Written by Ryan Berg on

Soul Care

Use your imagination with me for a moment and picture a guys’ night (or ladies’ night) with your fellow Small Group members.

You are all out to dinner having a great time when the tone turns a bit somber and one of your group members asks, “Can I share something?” Those words can strike fear in the hearts of even the most seasoned Small Group leaders, especially when the next words are some way of confessing a struggle with sexual sin.

What do you do? How do you respond? What steps are next? Well, allow me to shed a bit of light.

1. Thank Them

In Ephesians 5:8-13 Paul discusses the conduct of those following Jesus. He tells us that after making Jesus Lord and Savior of your life you can now “discern what is pleasing to the Lord.” Clearly this friend is discerning their sin.

Paul also adds that “when anything is exposed by the light, it becomes visible.” This is where to start when you respond:
• Thank the person for being courageous to share their struggle with you and others by bringing it “into the light.”
• Reassure them that what they have just done has exposed their sin for what it really is in the light of the gospel and community.

Most people struggling with sexual sin are deluded by the belief that it is attractive and something worth wanting. Or maybe they think their secret sin isn’t hurting anyone. In confessing to you and your group members, the power and allure of that sin has just taken its first blow in being completely torn down now that it’s “in the light.”

2. Follow Up

Next, you will have to follow up to find out more info.
• What is the sin? How is it being expressed and fed?
• What consequences is it having in the person’s life? Who else is it affecting?
• What is their motivation for change?

These questions need to be asked patiently and without judgement. You may wait for a second conversation to ask these questions if the person is somewhat spent from the initial confession.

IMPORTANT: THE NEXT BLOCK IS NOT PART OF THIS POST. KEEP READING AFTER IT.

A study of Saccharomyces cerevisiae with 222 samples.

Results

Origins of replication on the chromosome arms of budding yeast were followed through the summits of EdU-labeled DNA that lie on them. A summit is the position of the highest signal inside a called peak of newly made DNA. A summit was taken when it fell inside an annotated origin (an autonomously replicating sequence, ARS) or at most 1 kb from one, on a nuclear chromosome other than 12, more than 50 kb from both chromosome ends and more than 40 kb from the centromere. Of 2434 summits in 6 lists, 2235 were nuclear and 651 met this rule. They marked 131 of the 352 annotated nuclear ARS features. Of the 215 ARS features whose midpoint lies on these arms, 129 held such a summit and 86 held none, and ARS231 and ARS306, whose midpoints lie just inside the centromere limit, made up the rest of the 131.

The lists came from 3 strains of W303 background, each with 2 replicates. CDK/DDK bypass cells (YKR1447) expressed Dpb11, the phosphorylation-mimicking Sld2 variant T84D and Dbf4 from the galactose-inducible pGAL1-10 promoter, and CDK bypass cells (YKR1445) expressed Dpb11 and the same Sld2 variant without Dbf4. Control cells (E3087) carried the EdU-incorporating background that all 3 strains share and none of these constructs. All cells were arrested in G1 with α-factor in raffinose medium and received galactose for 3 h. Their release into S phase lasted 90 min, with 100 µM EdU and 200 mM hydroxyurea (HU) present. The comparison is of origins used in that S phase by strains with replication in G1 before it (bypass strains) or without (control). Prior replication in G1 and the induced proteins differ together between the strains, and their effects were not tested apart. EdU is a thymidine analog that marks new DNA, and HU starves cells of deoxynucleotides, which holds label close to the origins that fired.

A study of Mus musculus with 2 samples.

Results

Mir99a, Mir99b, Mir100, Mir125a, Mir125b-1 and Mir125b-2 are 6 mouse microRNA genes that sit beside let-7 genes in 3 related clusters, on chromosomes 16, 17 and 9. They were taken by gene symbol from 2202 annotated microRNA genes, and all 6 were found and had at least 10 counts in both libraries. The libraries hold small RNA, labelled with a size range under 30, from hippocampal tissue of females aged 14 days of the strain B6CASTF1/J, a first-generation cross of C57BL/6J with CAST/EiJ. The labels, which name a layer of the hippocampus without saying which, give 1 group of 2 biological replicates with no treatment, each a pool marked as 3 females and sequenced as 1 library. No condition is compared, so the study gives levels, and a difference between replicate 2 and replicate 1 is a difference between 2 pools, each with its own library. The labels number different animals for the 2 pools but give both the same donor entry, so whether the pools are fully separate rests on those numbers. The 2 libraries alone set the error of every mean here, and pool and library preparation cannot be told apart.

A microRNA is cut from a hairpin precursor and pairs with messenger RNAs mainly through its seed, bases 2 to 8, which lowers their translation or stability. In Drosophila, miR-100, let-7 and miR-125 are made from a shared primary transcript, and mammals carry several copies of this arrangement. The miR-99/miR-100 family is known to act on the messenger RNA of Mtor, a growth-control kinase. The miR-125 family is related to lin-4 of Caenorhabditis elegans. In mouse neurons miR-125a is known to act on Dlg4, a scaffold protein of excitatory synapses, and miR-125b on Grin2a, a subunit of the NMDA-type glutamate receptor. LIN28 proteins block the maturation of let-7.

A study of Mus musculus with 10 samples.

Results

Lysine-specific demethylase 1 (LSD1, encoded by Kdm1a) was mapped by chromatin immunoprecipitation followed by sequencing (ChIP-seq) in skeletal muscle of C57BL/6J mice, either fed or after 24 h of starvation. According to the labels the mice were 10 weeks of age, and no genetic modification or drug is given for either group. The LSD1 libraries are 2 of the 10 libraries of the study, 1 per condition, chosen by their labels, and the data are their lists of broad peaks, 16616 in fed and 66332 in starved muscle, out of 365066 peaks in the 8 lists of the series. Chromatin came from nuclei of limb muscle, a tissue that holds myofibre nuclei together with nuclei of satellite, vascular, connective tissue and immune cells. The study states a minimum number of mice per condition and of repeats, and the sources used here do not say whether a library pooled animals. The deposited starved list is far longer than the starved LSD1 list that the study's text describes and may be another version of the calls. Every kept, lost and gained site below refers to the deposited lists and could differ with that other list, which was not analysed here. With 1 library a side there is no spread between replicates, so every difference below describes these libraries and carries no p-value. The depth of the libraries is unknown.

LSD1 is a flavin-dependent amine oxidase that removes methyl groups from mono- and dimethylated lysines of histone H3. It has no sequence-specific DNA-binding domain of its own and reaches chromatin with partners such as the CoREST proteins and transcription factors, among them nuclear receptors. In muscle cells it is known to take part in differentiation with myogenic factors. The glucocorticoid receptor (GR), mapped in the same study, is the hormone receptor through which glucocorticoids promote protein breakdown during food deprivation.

3. Establish Expectations

Another necessary thing is finding out what the person’s expectation is of you and the group.
Usually people have some kind of hope for response when they confess something like this. They are likely looking for some sort of accountability, but a good rule of thumb is that accountability should be driven by the person asking for it, not the other way around. Any framework for their accountability should be:
• Clearly stated
• Reasonable
• Gospel-infused (restorative, focused on Christ)
• And done with wisdom and compassion

The goal of accountability should be to help the person see biblical truth in the moment of sexual temptation—not just be corrected afterward.

If all of these attributes are present, then accountability can be a great God-given deterrent from sin.

First Step Toward Freedom

None of the above steps are an exhaustive response to admission of sexual sin in Small Group, but they do provide some immediate triage care.

I would also encourage you as a Small Group Leader to take advantage of further resources to help this group member:
• Books and booklets are available in the Soul Care office
• For sexual sin, some time with a Soul Care counselor is very helpful
• We also provide some short-term, gender-specific, community-focused counseling groups dealing with sexual issues as well (for both men and ladies)

When someone confesses sexual sin to you and your group, that is cause for praising God! That is one step toward freedom and victory in Christ, and you get to play a small role. What an awesome opportunity to be used by God to accomplish His good will in another’s life!

Ryan Berg

Ryan serves at College Park Church as the Assistant Pastor of Soul Care. He is passionate about helping people see Jesus in the midst of sin and suffering. In his free time, Ryan enjoys being with his wife, Carol, and two kids, Sydney & Elliot.